Ryan's bullying started in the fifth grade.
"It seems the meanness switch turns on with emphasis on personal appearance, socioeconomic status, and who is considered SPED," said Halligan. "Students made fun of Ryan, as he was not an athlete at that time. As his parents, we told him to ignore them. Sixth grade was a blur and thought that seventh grade would be an easy year; but no, the bullying brought more tears.
"One night in December 2002 Ryan had his head on the kitchen table crying-he said, 'I hate that school. I never want to go back there. Can I be home schooled?'"
The bullies had returned.
"My first reaction was to do something about it, but Ryan begged me not to set up a meeting with the principal and guidance because he did not want to be embarrassed," Halligan said. "Instead, Ryan wanted me to teach him to defend himself. This brought back memories of the movie, The Karate Kid. We did a kickboxing program every night and talked about anything and everything."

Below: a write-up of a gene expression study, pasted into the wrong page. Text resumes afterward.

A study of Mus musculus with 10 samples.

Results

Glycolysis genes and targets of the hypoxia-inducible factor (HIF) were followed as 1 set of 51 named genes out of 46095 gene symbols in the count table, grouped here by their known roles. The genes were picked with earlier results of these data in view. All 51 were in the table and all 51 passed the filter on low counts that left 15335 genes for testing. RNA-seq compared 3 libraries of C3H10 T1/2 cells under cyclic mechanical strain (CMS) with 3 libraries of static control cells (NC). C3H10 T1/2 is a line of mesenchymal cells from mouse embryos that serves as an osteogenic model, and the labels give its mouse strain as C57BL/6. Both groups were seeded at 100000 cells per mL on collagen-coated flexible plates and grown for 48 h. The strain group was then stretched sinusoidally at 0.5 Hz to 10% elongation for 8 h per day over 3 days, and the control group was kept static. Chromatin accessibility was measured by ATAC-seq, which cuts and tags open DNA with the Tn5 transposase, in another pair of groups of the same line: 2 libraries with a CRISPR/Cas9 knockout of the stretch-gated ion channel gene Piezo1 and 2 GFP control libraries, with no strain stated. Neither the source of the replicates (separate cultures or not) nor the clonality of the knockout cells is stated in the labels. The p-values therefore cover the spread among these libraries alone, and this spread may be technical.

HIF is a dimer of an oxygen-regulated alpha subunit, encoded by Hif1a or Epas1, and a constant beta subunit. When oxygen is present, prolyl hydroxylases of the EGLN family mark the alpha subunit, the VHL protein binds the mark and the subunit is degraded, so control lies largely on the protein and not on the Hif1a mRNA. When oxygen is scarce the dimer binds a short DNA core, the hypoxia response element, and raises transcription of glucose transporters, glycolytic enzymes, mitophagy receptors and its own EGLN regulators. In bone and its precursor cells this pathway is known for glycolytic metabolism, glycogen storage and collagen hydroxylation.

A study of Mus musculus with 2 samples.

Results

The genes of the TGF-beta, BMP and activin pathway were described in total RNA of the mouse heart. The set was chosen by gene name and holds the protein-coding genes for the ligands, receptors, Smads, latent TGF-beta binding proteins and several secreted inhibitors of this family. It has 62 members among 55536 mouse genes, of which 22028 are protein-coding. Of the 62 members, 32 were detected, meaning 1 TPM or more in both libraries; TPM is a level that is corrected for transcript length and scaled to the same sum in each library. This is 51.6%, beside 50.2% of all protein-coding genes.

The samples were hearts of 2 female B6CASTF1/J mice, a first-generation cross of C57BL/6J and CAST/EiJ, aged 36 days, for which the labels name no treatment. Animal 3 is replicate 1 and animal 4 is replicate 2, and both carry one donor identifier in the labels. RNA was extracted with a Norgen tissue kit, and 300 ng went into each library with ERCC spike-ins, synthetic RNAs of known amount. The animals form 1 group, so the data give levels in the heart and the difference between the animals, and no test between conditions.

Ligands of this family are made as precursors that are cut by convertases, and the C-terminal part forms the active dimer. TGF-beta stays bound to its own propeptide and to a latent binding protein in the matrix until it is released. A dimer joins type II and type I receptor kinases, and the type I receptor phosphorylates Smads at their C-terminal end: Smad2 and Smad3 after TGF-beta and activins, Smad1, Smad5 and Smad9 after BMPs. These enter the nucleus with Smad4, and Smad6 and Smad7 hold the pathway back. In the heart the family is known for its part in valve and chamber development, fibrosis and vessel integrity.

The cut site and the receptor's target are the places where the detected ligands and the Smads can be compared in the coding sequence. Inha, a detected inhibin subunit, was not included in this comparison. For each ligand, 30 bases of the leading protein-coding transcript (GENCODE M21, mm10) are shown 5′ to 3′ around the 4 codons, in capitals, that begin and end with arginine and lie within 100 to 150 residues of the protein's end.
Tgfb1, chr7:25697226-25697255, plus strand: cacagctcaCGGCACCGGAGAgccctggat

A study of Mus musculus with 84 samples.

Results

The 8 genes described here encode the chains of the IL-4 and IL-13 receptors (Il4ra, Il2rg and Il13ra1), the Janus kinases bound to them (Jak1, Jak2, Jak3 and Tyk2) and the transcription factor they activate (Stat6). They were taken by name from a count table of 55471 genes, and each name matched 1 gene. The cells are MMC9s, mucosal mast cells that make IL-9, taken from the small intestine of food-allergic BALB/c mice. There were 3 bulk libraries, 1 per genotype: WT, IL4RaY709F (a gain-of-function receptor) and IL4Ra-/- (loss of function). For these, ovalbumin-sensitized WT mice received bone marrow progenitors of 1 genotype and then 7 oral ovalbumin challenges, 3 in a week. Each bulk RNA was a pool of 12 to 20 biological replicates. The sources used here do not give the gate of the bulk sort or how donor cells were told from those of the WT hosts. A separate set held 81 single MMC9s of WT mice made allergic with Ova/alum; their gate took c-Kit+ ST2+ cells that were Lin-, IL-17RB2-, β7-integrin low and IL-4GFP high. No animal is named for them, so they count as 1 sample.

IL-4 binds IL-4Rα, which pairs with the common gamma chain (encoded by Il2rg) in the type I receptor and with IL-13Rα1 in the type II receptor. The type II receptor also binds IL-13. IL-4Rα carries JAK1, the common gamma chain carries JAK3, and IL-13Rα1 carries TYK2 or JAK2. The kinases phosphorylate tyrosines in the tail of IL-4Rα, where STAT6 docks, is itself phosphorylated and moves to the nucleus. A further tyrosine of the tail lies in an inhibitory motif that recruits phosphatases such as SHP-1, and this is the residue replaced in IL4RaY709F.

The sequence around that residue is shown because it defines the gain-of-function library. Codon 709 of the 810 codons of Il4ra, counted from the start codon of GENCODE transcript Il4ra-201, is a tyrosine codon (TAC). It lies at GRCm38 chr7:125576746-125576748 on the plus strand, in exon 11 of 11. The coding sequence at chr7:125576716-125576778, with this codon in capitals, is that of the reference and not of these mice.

During this time together, Halligan emphasized that he did not want to get calls from school about Ryan getting into any fights. "I told him that he had my permission to wail on the bully," he said.
Eventually, Ryan and the bully fought with Ryan landing a few good punches, which made Halligan proud.
Ironically, Ryan said, "After the fight, the bully and I actually became friends." Things changed from that point on.
It wasn't until the end of seventh grade and the beginning of the summer of eighth grade, 2003, that Ryan spent most of his time on the computer as if driven by an addiction.
The Halligans had strict Internet safety rules: no IM with strangers, no personal information, no pictures, and no secret passwords.